AGUIRRE: THE WRATH OF GODD: Werner Herzog; with Klaus Kinski, Ruy Guerra, Del Negro, Helena Rogjo, Cecilia Rivera, Peter Berling.
Klaus Kinski's manic, at times almost homicidal creativity (documented in Herzog's film My Best Fiend
), his unshakeable conviction that art and life are interchangeable and should therefore be hybridized into a cohesive whole as often and as dramatically as possible, and his outlandish public persona are all the stuff of legend. It's his role in this 1972 Herzog film upon which much of the late actor's bizarre mythos spins. Set in 1560, the film follows Spanish conquistador Gonzalo Pizarro, his men, and a 100 or so Indian slaves. Pizarro's foot soldier, Aguirre (Kinski), leads the group to search in vain for El Dorado, the fabled city of gold believed to lie somewhere in the Peruvian rainforest, and slowly goes mad in the process. From the vertiginous opening shot of the armor-clad conquistadors descending a near-vertical mountain face to the final images of Kinski's Aguirre -- the man who would be god -- besieged by corpses and monkeys as he drifts, utterly alone on his raft, down the muddy Amazon, this is Herzog and Kinski's most awesome achievement in a tandem career filled with astonishing moments. There has never been another film even remotely like Aguirre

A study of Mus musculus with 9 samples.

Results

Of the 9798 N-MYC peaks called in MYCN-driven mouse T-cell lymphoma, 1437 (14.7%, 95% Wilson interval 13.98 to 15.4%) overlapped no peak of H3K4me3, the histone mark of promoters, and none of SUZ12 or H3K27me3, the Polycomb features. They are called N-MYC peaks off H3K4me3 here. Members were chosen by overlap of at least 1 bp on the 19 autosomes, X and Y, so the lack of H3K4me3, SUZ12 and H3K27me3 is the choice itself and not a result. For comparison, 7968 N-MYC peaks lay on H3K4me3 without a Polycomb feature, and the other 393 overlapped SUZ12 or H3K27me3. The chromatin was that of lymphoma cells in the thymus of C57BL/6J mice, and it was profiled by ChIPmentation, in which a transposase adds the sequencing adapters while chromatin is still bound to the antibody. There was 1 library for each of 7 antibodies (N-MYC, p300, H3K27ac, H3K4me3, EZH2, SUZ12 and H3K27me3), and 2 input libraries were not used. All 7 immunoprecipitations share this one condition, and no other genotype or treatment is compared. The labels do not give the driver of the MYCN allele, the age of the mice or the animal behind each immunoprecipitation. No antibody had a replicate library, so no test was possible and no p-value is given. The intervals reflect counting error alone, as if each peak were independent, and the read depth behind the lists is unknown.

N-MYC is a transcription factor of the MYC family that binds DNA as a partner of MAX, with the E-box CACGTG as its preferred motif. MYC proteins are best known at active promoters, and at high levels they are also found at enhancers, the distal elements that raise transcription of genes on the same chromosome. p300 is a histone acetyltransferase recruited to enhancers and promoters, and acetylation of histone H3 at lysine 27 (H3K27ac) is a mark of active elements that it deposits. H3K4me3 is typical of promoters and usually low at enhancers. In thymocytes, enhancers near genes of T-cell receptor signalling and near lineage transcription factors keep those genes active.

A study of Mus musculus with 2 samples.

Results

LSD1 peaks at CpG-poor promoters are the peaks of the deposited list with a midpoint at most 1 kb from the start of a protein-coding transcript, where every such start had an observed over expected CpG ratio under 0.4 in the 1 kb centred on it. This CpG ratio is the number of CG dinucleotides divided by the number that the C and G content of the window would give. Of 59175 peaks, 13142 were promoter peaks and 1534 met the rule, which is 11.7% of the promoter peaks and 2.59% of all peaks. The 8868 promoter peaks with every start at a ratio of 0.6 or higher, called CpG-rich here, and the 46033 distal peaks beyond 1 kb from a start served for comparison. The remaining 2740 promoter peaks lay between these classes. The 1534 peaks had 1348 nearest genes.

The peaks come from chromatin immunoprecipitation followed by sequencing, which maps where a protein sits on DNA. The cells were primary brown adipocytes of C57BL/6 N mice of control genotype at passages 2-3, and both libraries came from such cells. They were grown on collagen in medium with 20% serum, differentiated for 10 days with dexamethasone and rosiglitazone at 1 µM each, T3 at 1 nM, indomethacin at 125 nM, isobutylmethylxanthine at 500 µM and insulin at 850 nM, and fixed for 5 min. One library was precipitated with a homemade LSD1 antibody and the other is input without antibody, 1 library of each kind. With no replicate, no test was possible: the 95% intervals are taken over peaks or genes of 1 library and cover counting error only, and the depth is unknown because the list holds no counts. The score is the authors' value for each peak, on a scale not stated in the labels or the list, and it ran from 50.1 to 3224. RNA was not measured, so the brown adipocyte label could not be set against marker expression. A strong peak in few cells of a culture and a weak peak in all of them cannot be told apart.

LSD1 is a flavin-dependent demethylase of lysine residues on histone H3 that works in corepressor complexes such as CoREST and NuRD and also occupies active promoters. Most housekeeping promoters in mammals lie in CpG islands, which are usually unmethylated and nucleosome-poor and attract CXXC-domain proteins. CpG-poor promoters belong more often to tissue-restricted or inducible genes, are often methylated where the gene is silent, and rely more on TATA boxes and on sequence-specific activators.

-- the only film to come within striking distance was Herzog's Fitzcarraldo
, this film's thematic sibling -- and it could never even be conceived of today. Rumors persist of Herzog himself enslaving the indigenous Peruvian population to serve the will of the film, and of Kinski's mad tantrums and perpetual threats to abandon the project midcourse. (Herzog held up a gun at one point and told the actor he'd shoot him if he left, and then turn the pistol on himself; perhaps understandably, Kinski chose to finish the film.) In the end, though, the film is such a remarkable achievement -- an absolute and pure expression of the director's vision made up of phenomenal images coupled to only sporadic dialogue and a haunting, eerie electronic score by Popol Vuh's (recently deceased) Florian Fricke -- that the "legend" is rendered less interesting than the film itself. It's an impossible, epic vision of death and despair and hideous beauty in a faraway place, and one of the most visceral depictions of self-manufactured doom ever seen.